BERKELEY -- The city's apartment and condominium complex dwellers will soon be free from neighbors' cigarette smoke wafting through air vents or curling up from balconies. The City Council this week unanimously approved a ban on smoking in multiunit buildings. The law will go into effect May 1, 2014.
According to United States census figures, 53 percent of the city's housing units are in multi-unit structures buildings.
"I am a cancer patient who lives next door to two chain smokers and on the other side of them are some really tiny children," Berkeley resident Carol Denney told the council at its Dec. 3 meeting in urging passage of the ordinance.
The U.S. Environmental Protection Agency classifies secondhand smoke as a Class A carcinogen, the class of the most dangerous carcinogens. Exposure to secondhand smoke causes some 3,000 lung cancer deaths every year in nonsmokers, and can cause asthma and sudden infant death in children, according to the EPA.
Berkeley is not the first city in California to write laws banning smoking in multiunit housing, Serena Chen of the American Lung Association noted, "but you are the first city to enforce it right."
Enforcement will be a complaint-driven multi-step process. Landlords or homeowners associations will be required to advise tenants or condominium owners of the law by March 1, 2014.
From there it will be up to the neighbors effected by secondhand smoke to make a formal complaint to the city's health department. When a complaint is filed, the city will issue a warning notice to the alleged violator -- the notice will include an explanation of the new law and information on smoking cessation classes the city offers.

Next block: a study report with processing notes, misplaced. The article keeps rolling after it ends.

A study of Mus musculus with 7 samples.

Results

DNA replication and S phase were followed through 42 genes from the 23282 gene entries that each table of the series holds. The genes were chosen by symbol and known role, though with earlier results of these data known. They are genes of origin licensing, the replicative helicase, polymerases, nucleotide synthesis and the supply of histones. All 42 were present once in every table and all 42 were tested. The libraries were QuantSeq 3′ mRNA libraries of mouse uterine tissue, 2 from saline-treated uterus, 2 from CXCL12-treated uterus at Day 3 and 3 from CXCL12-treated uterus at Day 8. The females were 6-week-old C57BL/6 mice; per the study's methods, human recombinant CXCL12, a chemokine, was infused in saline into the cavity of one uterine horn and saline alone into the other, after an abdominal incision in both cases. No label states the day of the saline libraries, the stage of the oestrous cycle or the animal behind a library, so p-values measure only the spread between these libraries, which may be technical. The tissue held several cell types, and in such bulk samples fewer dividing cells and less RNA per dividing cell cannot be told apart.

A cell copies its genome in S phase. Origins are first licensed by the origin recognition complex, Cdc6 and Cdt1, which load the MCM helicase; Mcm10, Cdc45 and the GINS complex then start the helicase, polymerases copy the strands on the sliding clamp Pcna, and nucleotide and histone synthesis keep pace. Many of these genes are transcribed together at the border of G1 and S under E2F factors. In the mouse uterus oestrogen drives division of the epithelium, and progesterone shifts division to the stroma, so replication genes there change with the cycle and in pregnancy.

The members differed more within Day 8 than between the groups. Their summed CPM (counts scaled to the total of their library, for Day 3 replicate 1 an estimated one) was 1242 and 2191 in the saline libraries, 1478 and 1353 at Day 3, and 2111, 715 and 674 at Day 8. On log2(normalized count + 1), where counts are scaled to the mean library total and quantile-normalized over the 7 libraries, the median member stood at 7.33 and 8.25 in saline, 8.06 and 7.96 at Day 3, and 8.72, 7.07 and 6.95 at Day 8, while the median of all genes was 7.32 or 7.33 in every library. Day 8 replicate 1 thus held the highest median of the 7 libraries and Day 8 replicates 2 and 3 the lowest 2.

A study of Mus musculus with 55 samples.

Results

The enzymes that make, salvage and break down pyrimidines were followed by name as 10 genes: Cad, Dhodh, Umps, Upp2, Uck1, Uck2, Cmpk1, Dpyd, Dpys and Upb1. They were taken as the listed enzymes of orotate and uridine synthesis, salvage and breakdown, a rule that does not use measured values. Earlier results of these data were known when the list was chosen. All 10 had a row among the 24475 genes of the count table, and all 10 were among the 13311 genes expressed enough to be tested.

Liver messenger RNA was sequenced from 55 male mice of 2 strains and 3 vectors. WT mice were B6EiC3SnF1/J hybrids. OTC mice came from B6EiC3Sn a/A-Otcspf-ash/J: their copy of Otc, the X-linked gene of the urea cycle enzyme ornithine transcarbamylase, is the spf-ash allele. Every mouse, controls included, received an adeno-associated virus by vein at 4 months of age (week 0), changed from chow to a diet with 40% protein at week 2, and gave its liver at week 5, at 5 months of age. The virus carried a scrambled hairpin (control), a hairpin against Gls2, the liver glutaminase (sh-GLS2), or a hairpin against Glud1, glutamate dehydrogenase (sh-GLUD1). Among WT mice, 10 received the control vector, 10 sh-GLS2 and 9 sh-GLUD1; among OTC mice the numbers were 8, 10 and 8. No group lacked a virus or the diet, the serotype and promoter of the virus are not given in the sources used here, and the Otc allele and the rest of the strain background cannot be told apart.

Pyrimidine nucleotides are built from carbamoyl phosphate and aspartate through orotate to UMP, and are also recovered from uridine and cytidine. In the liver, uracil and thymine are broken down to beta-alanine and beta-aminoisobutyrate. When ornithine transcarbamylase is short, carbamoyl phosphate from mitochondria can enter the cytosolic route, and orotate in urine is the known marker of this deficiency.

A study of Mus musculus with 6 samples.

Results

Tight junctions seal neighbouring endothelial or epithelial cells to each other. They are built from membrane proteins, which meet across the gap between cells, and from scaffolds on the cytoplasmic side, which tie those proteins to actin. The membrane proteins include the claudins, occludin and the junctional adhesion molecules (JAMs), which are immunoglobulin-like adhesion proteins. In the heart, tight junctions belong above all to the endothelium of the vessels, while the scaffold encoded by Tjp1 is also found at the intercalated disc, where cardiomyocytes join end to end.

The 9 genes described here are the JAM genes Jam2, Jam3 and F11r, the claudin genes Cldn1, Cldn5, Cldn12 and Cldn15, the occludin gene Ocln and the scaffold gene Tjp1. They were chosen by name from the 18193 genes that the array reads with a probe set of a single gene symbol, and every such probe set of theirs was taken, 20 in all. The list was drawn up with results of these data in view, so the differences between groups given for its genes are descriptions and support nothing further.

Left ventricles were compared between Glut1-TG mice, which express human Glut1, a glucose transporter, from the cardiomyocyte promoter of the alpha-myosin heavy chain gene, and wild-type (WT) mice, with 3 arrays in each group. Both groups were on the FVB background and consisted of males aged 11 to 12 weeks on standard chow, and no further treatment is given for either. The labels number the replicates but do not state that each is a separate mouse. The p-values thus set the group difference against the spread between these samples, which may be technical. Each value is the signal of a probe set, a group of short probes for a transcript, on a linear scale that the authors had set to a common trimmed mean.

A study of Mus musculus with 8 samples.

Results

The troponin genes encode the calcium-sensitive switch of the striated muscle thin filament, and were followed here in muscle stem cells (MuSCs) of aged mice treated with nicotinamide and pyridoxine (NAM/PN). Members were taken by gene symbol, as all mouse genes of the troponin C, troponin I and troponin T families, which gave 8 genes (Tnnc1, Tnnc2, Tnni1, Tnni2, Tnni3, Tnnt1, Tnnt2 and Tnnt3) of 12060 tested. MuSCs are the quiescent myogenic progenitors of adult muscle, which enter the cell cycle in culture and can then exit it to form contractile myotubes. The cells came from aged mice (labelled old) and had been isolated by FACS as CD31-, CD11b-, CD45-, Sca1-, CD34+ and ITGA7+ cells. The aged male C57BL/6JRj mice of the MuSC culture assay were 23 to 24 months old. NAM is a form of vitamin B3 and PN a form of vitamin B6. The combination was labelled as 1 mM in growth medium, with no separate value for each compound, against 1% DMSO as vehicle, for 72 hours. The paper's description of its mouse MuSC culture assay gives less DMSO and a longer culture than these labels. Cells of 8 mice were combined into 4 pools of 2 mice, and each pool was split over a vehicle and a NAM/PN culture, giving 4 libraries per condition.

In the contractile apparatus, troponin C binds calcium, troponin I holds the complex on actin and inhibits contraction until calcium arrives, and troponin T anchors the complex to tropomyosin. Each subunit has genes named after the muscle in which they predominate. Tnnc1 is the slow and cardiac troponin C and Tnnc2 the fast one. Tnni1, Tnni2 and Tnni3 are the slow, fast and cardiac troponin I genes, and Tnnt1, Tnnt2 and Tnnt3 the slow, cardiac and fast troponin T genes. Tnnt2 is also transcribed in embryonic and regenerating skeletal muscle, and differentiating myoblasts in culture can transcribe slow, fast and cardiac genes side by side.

If two residents in two separate units of the multi-unit residence file complaints within six months of the original notice, the city can issue either an administrative citation or an infraction.
While the council was unanimous in its support for the ordinance, Councilman Jesse Arreguin expressed concern about violations being charged as infractions.
Alleged violators can contest citations before a city hearing officer, but those given infractions may be required to go through a more formal judicial process.
Brendan Darrow, attorney with the East Bay Community Law Center, told the council he feared that "By calling this an infraction, there can be unintended collateral consequences."
He said, for example, an infraction might show up on a background check for an individual. Councilman Max Anderson said he was concerned with the potential consequences on a parolee charged with an infraction, rather than an administrative citation, for smoking.
But Mayor Tom Bates said the council should address the rights of nonsmokers.
"What about the rights of the people who live next door to the person (who smokes)?" he asked.
City Attorney Zach Cowan advised the council against removing the possibility of charging violators with infractions, basing his opinion on requirements found in the City Charter.
Responding to concerns, however, the council accepted a policy recommendation offered by Arreguin that states: "It's the sense of the council that staff should consider employing an administrative citation first" before an infraction.
Previous iterations of the ordinance suggested the smoking ban should apply to single-family homes and to marijuana smoke.
The approved ordinance, however, applies strictly to multiunit dwellings and to tobacco -- not cannabis -- smoke.